Centenary World Cruise Day 2 – Drama!

Today is our first full day at sea, and the drama began even before we left our stateroom. We were in the middle of breakfast when the captain came over the loudspeaker to tell us that there had been a medical emergency, and that someone was being evacuated by helicopter. We could leave our rooms, but we could not go out on the balconies or any of the outdoor areas until we were told otherwise. Almost immediately, we heard the sound of the helicopter.

I feel for whoever got evacuated, especially if they’re just starting out their journey. It turns out, this is not just the first leg of our cruise, it’s also the last leg of a cruise that left Southampton, sailed around the Caribbean, then came up to New York before heading back to Southampton. Our world cruise is, in fact, three separate cruises. Of the approximately 2700 people on board, only three hundred and forty five are doing the entire world cruise. So far, we haven’t met any of them, but from what I’ve heard, we’re the youngest by at least a decade. Not sure what that means, other than we’ll spend a lot of time talking loudly and slowly at World Cruise get-togethers (there are several scheduled), and helping people up from a seated position. Worse things could be true.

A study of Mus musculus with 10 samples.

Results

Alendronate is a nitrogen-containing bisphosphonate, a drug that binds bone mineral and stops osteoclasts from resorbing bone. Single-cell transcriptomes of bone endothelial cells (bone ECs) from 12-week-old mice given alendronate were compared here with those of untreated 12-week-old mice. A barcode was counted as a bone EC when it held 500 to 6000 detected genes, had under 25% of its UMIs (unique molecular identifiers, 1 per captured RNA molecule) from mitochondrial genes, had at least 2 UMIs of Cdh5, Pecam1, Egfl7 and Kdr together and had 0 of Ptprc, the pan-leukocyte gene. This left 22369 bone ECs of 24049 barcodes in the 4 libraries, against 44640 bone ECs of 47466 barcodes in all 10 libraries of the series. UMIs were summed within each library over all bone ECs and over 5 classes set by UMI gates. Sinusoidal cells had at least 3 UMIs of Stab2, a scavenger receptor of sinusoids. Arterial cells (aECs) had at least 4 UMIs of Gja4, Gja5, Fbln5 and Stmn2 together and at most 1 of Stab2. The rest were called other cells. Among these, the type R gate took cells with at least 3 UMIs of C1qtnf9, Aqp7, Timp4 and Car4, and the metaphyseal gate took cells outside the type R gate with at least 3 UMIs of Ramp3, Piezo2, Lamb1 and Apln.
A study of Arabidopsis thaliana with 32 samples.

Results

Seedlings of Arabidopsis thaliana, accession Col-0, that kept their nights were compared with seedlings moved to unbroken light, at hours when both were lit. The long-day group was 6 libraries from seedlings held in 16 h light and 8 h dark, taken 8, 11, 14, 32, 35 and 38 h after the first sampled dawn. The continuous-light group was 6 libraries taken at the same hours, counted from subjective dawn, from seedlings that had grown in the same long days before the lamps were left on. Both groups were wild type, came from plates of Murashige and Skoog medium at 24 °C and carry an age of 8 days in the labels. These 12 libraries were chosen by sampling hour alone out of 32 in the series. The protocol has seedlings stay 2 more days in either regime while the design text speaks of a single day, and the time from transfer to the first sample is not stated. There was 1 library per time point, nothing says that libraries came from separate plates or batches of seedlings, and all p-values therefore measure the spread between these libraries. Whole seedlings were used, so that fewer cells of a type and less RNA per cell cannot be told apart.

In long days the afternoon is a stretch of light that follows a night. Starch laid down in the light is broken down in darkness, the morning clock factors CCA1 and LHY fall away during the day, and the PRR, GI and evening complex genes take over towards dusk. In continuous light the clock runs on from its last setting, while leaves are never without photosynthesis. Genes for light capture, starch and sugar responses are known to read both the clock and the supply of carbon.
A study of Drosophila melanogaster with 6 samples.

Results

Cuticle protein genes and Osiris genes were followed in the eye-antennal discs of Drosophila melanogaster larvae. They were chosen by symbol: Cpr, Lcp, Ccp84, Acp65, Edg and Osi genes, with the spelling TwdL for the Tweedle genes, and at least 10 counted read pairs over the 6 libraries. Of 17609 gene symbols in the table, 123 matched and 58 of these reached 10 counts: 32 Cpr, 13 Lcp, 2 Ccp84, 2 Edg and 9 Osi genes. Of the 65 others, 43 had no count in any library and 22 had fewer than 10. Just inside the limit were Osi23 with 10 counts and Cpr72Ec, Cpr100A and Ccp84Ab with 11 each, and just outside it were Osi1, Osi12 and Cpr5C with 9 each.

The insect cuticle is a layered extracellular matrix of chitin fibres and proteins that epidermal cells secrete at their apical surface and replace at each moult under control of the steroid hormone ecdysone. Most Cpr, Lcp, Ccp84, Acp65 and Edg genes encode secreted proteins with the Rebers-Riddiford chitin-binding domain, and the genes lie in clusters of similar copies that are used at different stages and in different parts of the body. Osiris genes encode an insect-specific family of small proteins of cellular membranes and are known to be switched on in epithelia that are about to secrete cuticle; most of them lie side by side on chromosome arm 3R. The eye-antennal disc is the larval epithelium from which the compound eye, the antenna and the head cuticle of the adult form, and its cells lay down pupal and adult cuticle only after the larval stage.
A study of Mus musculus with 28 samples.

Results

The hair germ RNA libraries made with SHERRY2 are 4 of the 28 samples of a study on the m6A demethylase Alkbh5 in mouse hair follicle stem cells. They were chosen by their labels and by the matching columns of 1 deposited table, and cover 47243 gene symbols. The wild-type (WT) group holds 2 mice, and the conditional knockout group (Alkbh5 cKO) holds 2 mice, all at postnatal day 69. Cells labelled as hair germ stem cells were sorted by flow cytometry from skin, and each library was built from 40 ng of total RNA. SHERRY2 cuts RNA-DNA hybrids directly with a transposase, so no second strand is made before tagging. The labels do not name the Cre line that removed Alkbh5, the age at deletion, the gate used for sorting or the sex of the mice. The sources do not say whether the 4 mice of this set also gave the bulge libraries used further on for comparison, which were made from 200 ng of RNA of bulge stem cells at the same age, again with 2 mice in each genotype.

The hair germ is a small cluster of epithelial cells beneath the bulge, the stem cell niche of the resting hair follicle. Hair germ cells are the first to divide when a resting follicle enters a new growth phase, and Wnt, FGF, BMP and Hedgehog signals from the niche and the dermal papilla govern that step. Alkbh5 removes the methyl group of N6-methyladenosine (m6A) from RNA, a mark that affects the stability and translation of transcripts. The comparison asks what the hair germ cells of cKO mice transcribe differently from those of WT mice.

Also today, I made a couple of discoveries about our bathroom. The bathrooms on cruise ships are tiny – not a whole lot bigger than the bathroom on an airplane. But this one has, above the toilet paper holder, a sort of glass tray with what looks like finger marks impressed into one side, attached to the wall with a metal bracket. Right next to the door frame, there’s a triangle of metal that I realized has a hole in the side nearest the floor. It took me a bit to realize that these are, respectively, an ashtray and a bottle opener.

There are no other ashtrays or bottle openers in our room, which raises the question: Just what kind of party are they expecting people to have in their bathrooms, and do I have to say “cool” before coming in? We’re not allowed to smoke in our staterooms, but I guess they want to make sure that if people do smoke, they’re getting all they can out of it by hotboxing in the tiny, enclosed space. Sadly, I don’t think we’ll be making use of either of those things, unless I need a handy toiletside tray for holding my earrings, and a nice anchor to tie my balloons to.